Cork may be the most naturally sustainable and renewable finish material available for home and work environments. Harvested from the peeled outer bark of the cork oak trees of Spain and Portugal, cork is manufactured without waster into durable and decorative surface amerial that offers great variety in appearance.

Cork is not a new finish material -its cultivation is an ancient tradition that has prevailed more than three thousand years because of its care, concern and harmony with nature. The raw cork material is obtained from the bark of the tree in a process called “unmasking”. The tree itself is never cut down and the bark regenerates itself after a few years. 100% of the harvested material is utilized; there is no residue or harmful byproduct going to the landfill. It can’t get more ecologically sound than that.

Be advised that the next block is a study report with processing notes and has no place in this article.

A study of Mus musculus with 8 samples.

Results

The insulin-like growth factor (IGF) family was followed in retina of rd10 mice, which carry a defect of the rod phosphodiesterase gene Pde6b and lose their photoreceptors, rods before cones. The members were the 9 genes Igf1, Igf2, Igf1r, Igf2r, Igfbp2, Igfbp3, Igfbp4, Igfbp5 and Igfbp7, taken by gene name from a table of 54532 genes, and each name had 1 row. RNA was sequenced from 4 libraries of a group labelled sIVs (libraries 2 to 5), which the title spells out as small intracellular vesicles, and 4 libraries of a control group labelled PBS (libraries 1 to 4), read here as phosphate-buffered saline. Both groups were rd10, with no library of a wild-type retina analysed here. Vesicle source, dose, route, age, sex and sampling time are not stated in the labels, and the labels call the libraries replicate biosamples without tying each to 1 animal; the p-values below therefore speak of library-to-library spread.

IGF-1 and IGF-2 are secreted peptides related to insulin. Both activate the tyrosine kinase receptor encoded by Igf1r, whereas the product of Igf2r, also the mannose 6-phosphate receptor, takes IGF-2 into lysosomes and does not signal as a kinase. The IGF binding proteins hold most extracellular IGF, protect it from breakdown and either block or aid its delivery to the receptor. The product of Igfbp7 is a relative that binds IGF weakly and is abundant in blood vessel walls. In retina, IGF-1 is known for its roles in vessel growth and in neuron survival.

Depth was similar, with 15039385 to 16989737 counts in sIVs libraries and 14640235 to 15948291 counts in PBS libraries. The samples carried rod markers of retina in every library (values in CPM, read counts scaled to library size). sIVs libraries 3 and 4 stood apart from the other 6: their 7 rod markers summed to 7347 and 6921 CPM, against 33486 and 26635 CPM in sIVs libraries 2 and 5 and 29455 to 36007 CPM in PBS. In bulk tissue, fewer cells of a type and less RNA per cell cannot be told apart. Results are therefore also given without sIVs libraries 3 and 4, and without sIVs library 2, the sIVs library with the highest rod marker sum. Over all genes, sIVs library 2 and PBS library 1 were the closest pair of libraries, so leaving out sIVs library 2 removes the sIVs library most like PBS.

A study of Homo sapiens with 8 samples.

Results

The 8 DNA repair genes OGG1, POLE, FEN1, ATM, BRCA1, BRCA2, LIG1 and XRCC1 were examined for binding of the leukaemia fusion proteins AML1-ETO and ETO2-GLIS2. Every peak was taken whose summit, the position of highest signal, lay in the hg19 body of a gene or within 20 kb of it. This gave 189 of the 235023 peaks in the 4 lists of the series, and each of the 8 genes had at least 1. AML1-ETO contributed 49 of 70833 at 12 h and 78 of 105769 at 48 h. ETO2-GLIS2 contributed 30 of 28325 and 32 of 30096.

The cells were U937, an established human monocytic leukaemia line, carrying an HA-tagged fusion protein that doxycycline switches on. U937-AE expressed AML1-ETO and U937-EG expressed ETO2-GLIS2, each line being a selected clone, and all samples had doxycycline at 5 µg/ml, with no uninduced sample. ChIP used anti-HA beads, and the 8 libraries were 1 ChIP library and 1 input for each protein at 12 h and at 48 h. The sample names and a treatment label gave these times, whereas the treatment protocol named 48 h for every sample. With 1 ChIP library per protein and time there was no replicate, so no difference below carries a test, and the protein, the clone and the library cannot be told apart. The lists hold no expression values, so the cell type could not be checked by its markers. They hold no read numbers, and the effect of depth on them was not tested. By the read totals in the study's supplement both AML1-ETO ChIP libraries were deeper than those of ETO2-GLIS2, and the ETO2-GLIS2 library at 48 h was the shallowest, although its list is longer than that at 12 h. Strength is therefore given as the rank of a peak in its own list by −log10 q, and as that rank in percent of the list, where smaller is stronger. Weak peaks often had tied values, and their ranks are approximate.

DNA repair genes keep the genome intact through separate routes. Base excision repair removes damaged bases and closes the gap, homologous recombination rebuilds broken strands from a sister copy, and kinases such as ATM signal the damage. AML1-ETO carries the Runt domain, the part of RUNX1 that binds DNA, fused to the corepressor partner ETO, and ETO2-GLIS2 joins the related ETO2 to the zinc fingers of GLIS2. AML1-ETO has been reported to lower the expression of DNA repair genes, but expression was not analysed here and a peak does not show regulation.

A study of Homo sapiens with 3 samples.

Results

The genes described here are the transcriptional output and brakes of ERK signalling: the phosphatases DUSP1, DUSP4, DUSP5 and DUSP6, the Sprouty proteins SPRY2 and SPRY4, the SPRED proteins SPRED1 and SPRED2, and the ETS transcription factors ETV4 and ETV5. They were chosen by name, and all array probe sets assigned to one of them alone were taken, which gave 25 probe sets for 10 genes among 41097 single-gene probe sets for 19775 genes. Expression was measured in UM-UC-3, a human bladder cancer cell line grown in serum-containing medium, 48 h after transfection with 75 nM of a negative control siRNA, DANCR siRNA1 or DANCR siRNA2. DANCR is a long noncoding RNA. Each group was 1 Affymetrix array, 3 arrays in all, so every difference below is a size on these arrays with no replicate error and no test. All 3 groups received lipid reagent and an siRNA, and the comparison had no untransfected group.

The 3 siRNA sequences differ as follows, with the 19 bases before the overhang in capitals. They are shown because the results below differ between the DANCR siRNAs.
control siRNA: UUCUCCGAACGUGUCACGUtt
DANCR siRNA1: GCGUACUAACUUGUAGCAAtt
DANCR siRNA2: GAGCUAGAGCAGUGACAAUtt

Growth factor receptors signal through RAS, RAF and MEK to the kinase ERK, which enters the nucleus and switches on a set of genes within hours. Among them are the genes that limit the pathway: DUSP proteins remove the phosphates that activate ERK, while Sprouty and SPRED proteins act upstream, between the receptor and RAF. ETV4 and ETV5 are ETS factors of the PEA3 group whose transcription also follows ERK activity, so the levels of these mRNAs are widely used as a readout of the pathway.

Cork is uses on floors, walls, ceilings and furniture for quiet, warmth and comfort. It has about 200 million air-entrapped cells per cubic inch that provide outstanding acoustic insulation, with an R value of 3.125. This same density also creates a low level of thermal conductivity, making cork floors comfortable in both hot or cold weather, as well as good controllers of humidity or moisture absorption.

In today’s market, cork is offered in sheets, rolls, tiles, or “floating floor” planks that easily assemble in tongue-and-groove configurations. It is a practical solution for any room that needs a sound barrier; studios, libraries, children’s rooms, or as a warmer more cushioned surface to stand on, as in a kitchen or bath.

So … it is natural and ecological, hygienic and easy to maintain, gives acoustic and thermal insulation, is comfortable to walk on, attractive in its variety of patterns, easy to install, and a very durable and proven building material. Cork appears to be a natural choice.